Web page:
An FHA Mortgage loan is a loan that is insured by the Federal Housing Administration (FHA). FHA does not actually provide the loan; it insures the mortgage for the lender. Should the borrower on an FHA mortgage default the lender may receive payment from FHA for their losses. This insurance coverage reduces the lenders risk and makes them more able or likely to offer a borrower a loan. An FHA mortgage loan may be for the purchase of a home that the borrower plans to live in, or the refinance of a home they already live in.
FHA Mortgage Loans are popular with first time buyers and those who do not have large amounts of money to put down on their home purchase since the required down payment can be as low as 3.5%. This makes it possible for many first time buyers to actually buy a home without saving a larger down payment which is typically required in a conventional loan. A borrower will need to document an income sufficient to support the repayment of the mortgage. Some of the documentation to support a borrower’s income often includes pay stubs, prior year W2 or 1099's, and copies of Federal 1040 tax forms. How much of a borrowers income may be used to purchase a new home is usually limited to ratios of 31/43. That means up to 31% of a borrowers gross wages may be used to repay the mortgage, and up to a total of 43% may be used to repay all debt including the mortgage, car loans, student loans, credit cards and other debts.
An FHA mortgage loan may be more forgiving credit wise than a conventional loan. Bankruptcies, foreclosures, short sales, collections, repossessions in the past do not mean a borrower cannot get an FHA mortgage loan. A borrower must prove that prior credit troubles are in the past if they have had troubles in the past.
There are no income limits in FHA mortgage loans, but there are maximum loan amounts. These vary by county, if you would like to look up the maximum loan amount in the area you would like a loan, check here.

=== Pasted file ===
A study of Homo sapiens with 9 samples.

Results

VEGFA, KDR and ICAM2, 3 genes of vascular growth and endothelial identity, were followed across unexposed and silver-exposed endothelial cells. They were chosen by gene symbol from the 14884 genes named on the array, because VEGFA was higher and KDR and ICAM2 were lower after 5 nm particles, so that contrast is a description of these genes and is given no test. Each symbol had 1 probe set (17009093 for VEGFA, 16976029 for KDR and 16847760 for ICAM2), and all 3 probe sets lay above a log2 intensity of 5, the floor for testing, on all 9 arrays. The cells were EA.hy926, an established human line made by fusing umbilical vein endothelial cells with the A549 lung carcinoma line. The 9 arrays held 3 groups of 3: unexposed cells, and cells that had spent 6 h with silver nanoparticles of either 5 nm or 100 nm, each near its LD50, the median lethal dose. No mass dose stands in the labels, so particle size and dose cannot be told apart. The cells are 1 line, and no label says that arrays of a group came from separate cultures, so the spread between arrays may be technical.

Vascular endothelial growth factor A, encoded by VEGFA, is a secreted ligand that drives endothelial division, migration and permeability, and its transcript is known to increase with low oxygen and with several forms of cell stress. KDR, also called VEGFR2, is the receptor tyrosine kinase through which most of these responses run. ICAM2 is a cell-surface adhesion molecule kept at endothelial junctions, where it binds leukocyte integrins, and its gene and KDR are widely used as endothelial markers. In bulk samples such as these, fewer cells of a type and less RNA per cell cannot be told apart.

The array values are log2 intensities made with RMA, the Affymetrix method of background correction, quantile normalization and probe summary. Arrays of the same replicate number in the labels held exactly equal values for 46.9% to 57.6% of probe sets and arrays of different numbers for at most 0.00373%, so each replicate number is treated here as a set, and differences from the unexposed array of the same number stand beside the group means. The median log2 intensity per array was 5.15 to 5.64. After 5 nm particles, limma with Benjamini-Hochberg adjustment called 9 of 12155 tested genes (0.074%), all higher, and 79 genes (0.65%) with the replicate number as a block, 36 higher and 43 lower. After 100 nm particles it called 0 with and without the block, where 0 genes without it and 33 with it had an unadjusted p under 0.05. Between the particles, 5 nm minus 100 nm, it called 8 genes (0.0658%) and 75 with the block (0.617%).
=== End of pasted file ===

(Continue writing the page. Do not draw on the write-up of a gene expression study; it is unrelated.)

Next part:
The mortgage insurance on an FHA mortgage loan is comprised of two parts. There is an up-front payment, and a monthly payment. The up-front is called the UFMIP, the Up-Front Mortgage Insurance Premium. Almost every borrower finances this in their loan. The monthly payment is paid as a part of the monthly mortgage payment to the lender.
There has been a great deal of conversation recently about changes that FHA has either proposed or actually made:
- There is talk if increasing the down payment from 3.5% to 5%, just talk right now.
- There is talk of reducing the maximum concession from a seller which is currently at 6% to 3% of the sales price, there is just talk about this change right now.
- There is talk of an actual credit score minimum for maximum financing (putting down just the minimum down payment). Currently there is no official minimum credit score by FHA for any FHA mortgage loan although it is a common practice among lenders to require a 620 credit score for any FHA loan. No formal change yet. The talk of a formal score requirement is a rumor here even though the industry practice is already in place.
- Troubled loans are now weighing on FHA's capital reserve fund, which has fallen to below its Congressional mandated minimum of 2 percent, from over 6 percent two years ago. To replenish these funds on case numbers issued after April 5, 2010 the Up Front Mortgage Insurance will increase from 2.25% from 1.75%. This is more than talk and is now policy.
- There is talk of increasing the monthly mortgage insurance premiumas well, this is just talk right now.
- There is a temporary waiver in place for 1 year from 2/1/2010 on the waiting period for resale of homes owned by a seller for less than 90 days. There are several requirements to this waiver, but this should help in moving recently renovated previously foreclosed homes.
- Last year FHA instituted some major changes it condo approvals basically eliminating all standing condo approvals and requiring a complex become re-approved and do so every 2 years. There are 2 methods of obtaining condo approvals now, one where the lender approves the complex, and one where FHA approves the complex. This change is in effect already, any talk about it is just grumbling from lenders about the lender condo approval process.
The Federal Housing Administration was created in 1934 and became a part of Department of Housing and Urban Development in 1965. FHA has insured over 34,000,000 loans since its inception and currently insures more than 4,800,000 loans. It has helped increase the home ownership rate in the United States of America from about 40% to almost 70%. It is a Federal program that does not cost the American taxpayer. All costs of the insurance are paid for by borrowers who obtain FHA mortgage loans.
This article is meant to talk in general terms and provide an overview of an FHA mortgage loan. Every borrower has their own situation, to discuss specifics of your situation please call or email.
As quoted in the New York Times "A Little-Known Loan Program", and in the Hartford Courant "Moving In:Couple Combining Households Buys In Newington" and "Moving In... New Britain"
Connecticut Magazine 2013 Five Star Mortgage Professional Award Recipient
This is not an offer or commitment to lend. Articles, information and commentary are offered for informational purposes only, and should not to be relied on as legal, tax or financial advice. Consumers should retain their own legal, tax and financial professionals for such advice.